Last week, Carter Wood noted the massive (19,000 word) ballot proposition slated to be before Michigan voters that would radically restructure the Michigan constitution -- including stripping away the two senior-most (conservative) supreme court justices, in an FDR-like reverse-court-packing maneuver. (The Wall Street Journal's John Fund wrote on the measure here; I've had an op-ed pending for a couple of weeks at the Detroit News, addressing the ballot measure as well as the broader litigation themes laid out in the recently released Trial Lawyers, Inc. Update on Michigan.)

This afternoon, Dan Pero at the American Justice Partnership reveals the shocking story behind the ballot proposition:

It turns out that all the suspicions about Reform Michigan Government Now's stealth plan to "reverse pack" the courts to benefit the state Democrat Party have now been shown to be right on target.

The smoking gun is a PowerPoint injudiciously posted on one of the UAW's regional member websites and discovered by the Mackinac Center for Public Policy, which has now posted the revelatory document on its website. The UAW PowerPoint makes no bones about the purpose of the measure, boldly titling it: "Government Reform Proposal: Changing the rules of politics in Michigan to help Democrats." The emphasis is their own. . . .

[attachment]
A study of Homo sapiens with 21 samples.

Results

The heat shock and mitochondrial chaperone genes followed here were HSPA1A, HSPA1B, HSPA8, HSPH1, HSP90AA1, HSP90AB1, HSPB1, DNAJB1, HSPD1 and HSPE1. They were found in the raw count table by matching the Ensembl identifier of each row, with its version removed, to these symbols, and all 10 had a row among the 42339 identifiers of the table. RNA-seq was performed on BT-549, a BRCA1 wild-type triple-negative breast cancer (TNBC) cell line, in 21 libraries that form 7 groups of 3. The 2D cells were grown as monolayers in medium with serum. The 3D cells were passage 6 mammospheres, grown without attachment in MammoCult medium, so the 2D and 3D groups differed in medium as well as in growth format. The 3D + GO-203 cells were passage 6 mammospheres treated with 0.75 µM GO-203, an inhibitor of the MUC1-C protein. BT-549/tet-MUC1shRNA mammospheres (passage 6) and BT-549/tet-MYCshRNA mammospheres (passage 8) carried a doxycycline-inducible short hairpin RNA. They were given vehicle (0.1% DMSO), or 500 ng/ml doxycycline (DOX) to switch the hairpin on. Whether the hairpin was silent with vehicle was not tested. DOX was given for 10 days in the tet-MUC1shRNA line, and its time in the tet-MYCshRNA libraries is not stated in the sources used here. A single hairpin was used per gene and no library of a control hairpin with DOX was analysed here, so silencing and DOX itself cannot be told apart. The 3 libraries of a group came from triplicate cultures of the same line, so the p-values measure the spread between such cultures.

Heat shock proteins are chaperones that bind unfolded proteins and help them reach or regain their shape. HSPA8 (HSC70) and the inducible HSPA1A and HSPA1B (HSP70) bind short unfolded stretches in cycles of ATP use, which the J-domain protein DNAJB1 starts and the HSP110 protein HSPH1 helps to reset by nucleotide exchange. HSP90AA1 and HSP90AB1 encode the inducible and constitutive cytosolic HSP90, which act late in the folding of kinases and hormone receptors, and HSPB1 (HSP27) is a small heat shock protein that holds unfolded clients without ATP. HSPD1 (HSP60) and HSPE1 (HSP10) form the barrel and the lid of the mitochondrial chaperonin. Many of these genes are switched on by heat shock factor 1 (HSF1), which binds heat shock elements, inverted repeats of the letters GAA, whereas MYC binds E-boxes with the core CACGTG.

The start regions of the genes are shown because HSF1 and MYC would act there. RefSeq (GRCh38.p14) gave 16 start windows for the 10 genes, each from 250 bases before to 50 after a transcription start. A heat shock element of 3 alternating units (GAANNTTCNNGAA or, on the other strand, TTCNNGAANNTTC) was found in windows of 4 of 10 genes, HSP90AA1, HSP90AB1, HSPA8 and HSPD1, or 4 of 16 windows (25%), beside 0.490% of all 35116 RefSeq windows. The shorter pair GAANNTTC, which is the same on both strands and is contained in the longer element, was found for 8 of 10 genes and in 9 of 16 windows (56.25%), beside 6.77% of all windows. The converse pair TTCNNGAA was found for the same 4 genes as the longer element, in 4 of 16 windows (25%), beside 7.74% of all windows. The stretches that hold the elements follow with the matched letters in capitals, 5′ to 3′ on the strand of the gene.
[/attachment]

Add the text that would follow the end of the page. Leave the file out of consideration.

The UAW's PowerPoint lays out "the problem," which is that "Democrats in Michigan have not controlled the entire State Legislature in 25 years," and the Democrats "Must control Governor, Senate, House and Supreme Court" next time redistricting is to occur.

"The Problem," as slides 7 and 8 spell out, is that there is no way that Democrats can achieve this result fairly through the democratic electoral process. As the slides say, it is "a very long shot proposition." Nor, as the UAW concedes, will redistricting reform by itself be approved by the voters.

The only hope then is to "change the rules," and do it by stealth . . . .

The Detroit Free Press reports here.

Project Manager,
Legal Policy

Manhattan Institute


Published by the Manhattan Institute

The Manhattan Insitute's Center for Legal Policy.